Great Ocean Road Race preview

Lee Rodgers Columnist



    The race, craftily positioned just after the Santos Tour Down Under, has this year a line-up that profits from the fact that there’s a slew of big teams and riders still around to battle it out for the win.

    With no less than nine World Tour teams in attendance the lure of Evans’ name and the attention garnered as a result is already proving to be a winning formula. Two more added bonuses that should not be overlooked also are proving to be a lure to the riders. One is that it’s still summer in Australia, beating the freezing temperatures in Europe and the beauty of a race route that graced the 2010 World Championships and is described in glowing terms by the professionals.

    “The Great Ocean Road is one of the most beautiful roads to ride your bike on in the world,” said Mark Cavendish earlier this week, who went on to talk about his training rides around Geelong. “It could have been better weather, it’s been raining on me a bit, but the Australian roads, the coffee, and just the Australian way of life – it’s quite nice to have a couple of weeks here to begin the year.”

    The paradox of the Cadel Evans Great Ocean Road Race is that this event has a profile that does not suit the man it is named after at all, with very little elevation and no real make-or-break features. The fact that it was a rider like Thor Hushovd who claimed the rainbow jersey back in 2010 says it all, this being a course best suited for pure sprinters.

    The great Australian sprinter Robbie McEwen confirmed this view when he spoke to Cycling News recently, believing that the victory would be battled out by Cavendish and the sensationally in-form Caleb Ewan.

    “Caleb is in really good form but Cav’s got so much experience and a little bit more rider toughness. But if Caleb and Cav were sprinting against each other now, I’d go for Caleb. I’m talking about lining them up against and sprinting to the line, without lead outs and racing first.

    “It’ll be good when they come up against each other in Europe. Caleb was winning races by two or three bike lengths at the Tour Down Under but that isn’t the six lengths like the old Cav and it wasn’t against the very best sprinters in the world.

    “I haven’t seen Cav sprint for a bit, it was probably at the 2015 Tour de France when he won a stage. He hasn’t really done anything impressive since then. I’d have to watch Cav race this year to see how he’s moving to understand if he’s still at his best. It’ll also be interesting to see how Caleb goes racing against the other big sprinters. And I don’t mean a one to one fight with Cav, Greipel or Kittel, but when all of them are together. It’ll be fascinating to see but when it gets more difficult for him to win.”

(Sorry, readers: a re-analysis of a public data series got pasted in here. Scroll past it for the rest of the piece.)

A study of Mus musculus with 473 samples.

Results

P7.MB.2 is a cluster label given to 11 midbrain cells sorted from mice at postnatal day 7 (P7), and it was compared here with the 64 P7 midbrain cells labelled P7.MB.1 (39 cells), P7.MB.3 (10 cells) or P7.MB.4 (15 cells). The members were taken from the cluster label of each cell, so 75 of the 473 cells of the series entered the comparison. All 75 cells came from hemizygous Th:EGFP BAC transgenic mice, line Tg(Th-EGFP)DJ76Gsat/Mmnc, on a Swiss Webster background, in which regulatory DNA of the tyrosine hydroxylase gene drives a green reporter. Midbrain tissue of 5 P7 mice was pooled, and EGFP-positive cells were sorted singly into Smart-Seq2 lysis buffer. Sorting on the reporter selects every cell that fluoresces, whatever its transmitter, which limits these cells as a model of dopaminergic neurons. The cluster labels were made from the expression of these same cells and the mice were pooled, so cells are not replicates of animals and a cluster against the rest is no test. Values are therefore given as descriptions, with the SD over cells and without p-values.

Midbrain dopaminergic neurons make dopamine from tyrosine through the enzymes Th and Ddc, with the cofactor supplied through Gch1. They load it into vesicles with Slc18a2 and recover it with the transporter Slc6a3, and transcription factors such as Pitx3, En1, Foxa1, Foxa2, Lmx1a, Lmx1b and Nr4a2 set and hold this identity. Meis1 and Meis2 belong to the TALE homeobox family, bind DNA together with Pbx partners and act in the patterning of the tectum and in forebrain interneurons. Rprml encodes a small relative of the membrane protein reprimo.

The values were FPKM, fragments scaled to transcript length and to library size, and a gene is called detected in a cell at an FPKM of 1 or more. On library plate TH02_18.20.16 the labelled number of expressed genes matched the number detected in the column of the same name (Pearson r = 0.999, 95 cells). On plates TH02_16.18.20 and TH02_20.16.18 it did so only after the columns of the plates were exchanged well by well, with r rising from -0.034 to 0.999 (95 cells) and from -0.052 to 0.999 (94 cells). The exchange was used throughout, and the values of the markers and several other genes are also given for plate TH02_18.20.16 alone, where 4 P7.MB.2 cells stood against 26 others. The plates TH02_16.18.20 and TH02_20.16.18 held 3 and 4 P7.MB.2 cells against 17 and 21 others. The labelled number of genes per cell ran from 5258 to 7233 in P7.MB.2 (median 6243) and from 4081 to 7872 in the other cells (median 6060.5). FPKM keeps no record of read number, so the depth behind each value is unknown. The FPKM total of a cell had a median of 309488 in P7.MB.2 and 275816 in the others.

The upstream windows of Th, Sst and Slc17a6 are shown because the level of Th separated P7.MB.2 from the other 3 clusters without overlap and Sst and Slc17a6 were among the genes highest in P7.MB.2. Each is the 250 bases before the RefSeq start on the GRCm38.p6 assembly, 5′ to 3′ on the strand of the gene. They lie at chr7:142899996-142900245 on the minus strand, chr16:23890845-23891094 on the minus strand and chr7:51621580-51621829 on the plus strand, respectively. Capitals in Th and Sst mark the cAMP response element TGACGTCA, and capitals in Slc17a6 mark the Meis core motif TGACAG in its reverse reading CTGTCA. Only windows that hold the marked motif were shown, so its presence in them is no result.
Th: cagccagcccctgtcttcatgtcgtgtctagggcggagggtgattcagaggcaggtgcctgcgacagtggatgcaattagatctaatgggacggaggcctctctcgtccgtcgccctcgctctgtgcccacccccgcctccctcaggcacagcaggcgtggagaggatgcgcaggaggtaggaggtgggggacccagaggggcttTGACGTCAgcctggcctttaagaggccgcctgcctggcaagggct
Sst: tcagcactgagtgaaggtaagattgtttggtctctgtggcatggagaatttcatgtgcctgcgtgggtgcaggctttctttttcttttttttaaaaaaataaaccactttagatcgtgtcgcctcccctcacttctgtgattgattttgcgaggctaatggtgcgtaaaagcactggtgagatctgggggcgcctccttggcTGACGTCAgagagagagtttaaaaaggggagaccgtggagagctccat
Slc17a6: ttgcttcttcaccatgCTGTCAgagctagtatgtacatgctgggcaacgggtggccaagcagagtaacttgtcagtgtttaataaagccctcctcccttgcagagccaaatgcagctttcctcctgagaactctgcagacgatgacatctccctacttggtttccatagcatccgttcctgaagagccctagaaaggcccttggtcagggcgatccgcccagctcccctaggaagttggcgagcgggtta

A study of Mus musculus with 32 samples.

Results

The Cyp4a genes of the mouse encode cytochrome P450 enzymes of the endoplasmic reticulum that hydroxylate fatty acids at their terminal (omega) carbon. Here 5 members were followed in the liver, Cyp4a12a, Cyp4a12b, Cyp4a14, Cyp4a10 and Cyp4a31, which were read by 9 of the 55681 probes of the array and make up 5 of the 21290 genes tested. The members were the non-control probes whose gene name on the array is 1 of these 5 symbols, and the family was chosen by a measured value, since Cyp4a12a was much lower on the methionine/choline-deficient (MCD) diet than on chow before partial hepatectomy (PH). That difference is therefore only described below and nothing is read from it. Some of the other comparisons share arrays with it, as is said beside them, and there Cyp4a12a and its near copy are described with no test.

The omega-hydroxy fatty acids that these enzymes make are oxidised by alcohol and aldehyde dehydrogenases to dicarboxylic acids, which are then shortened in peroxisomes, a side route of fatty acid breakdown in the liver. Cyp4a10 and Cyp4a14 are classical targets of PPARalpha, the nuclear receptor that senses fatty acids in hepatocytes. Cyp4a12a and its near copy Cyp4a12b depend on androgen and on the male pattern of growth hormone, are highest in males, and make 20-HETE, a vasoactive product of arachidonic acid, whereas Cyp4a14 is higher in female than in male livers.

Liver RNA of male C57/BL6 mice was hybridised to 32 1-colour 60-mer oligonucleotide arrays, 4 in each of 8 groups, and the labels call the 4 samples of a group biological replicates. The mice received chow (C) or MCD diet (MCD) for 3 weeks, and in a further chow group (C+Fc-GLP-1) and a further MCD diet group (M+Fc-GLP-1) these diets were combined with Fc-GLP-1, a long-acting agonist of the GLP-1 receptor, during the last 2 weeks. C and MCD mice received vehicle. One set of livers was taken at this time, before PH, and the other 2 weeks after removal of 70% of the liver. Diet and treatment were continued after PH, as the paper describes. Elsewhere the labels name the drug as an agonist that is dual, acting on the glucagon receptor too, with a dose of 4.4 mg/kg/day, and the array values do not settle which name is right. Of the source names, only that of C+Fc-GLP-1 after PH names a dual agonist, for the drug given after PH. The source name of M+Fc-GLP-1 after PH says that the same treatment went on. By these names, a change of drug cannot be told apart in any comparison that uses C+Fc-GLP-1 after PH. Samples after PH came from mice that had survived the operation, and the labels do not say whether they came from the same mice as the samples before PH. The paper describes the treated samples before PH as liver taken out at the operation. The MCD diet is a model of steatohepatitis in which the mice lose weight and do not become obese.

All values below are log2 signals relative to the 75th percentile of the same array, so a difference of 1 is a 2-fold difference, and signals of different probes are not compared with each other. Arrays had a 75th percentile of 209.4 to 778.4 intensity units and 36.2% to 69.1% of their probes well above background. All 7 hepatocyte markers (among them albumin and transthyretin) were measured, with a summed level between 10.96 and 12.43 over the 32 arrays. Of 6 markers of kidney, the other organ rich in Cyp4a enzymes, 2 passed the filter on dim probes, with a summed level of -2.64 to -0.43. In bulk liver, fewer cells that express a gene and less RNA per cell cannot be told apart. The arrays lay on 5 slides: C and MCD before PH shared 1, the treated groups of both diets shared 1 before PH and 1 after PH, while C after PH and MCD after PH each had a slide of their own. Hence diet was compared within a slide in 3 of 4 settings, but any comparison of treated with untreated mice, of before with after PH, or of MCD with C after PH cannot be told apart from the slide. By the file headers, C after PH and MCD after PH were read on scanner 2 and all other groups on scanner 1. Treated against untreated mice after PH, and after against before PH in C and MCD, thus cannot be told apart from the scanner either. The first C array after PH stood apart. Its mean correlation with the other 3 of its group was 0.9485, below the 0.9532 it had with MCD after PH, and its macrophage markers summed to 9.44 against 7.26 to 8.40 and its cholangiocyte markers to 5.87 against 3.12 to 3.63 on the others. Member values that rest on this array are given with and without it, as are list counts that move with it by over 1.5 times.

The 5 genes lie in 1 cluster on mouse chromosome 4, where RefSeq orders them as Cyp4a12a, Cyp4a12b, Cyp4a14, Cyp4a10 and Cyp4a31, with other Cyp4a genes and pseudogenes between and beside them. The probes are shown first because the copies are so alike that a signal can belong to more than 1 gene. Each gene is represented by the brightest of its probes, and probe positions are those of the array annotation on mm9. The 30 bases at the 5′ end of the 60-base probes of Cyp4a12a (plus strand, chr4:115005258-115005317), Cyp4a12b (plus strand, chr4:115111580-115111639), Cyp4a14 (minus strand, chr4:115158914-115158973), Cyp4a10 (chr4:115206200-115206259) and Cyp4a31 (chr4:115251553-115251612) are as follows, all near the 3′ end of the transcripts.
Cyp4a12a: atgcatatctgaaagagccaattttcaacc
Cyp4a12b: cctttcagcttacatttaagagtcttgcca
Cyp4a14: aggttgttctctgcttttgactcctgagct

McEwen is one of many commentators attempting to pour a bit of cold water on the hopes surrounding Ewan and it’s a sensible thing to do. We have seen many a rider overburdened by hype. It has to be said that Ewen is one of the biggest talents to emerge in recent years, a rider of such power and maturity that lies his young age. Testament to that is the fact that he is the hot favourite for this race.

    Cavendish will though be looking to make a mark, having moved to a new team and looking to prove a point to his doubters. As McEwen said, the Manxman has been quiet recently and his ego will be demanding a victory. It will be interesting to see how his relationship with Tyler Farrar pans out on the road. If they gel it could be a lethal combination, though off the bike the pair are quite different personalities.

    If it all stays together until the end it’s hard to see beyond Cavendish and Ewan for the win, though an outside bet might be Sky’s Ben Swift, who was there or thereabouts in the sprints at the Tour Down Under.

    There is though a possibility that the wind will play a part on the course, and if so the strong teams will be looking to exploit any crosswinds to their advantage. The last 15km is slightly downhill too, which might encourage a small break or a lone rider to make an attack. One rider that might well make such an attempt is Jack Bobridge of Trek-Segafredo, who smoked the field at the recent Australian national road race championships to win by a country mile. If a break goes and he’s in it there will be a few concerned riders back in the peloton, no doubt.

    Simon Gerrans is also in great form and might prove to be a trump card for Orica-GreenEDGE if he gets in a break, as it’ll force the other teams to chase, leaving Ewan and his other teammates to take it easy and preserve energy for the finale. Rohan Dennis is another rider that might be dangerous early on, as he is in great condition and probably smarting from coming up short at the Tour Down Under, as race he stated publicly that he wanted to win.

    A very outside chance for the win is Damian Cunego, who is riding for Nippon Vini Fantini. The former Giro d’Italia winner curiously faded from view after a rather spectacular early career, but I won’t be surprised to see him trying to showcase himself early on by getting into a break.

    Finally, if you are on the route for the race spare a holler or two for the guys from the Kenyan Riders Down Under team. The story of this team is quite remarkable and will bring a tear to the eye of even the toughest Fred out there.

    The Kenyan guys on the team are there on merit, hard riders whose tenacity and dedication embody all that is still wonderful and true about this mad, crazy sport.

    Lee Rodgers
    Lee Rodgers

    Lee Rodgers is a former professional rider on the UCI Asia circuit. He is now a freelance journalist, cycling coach and runs the website www.crankpunk.com.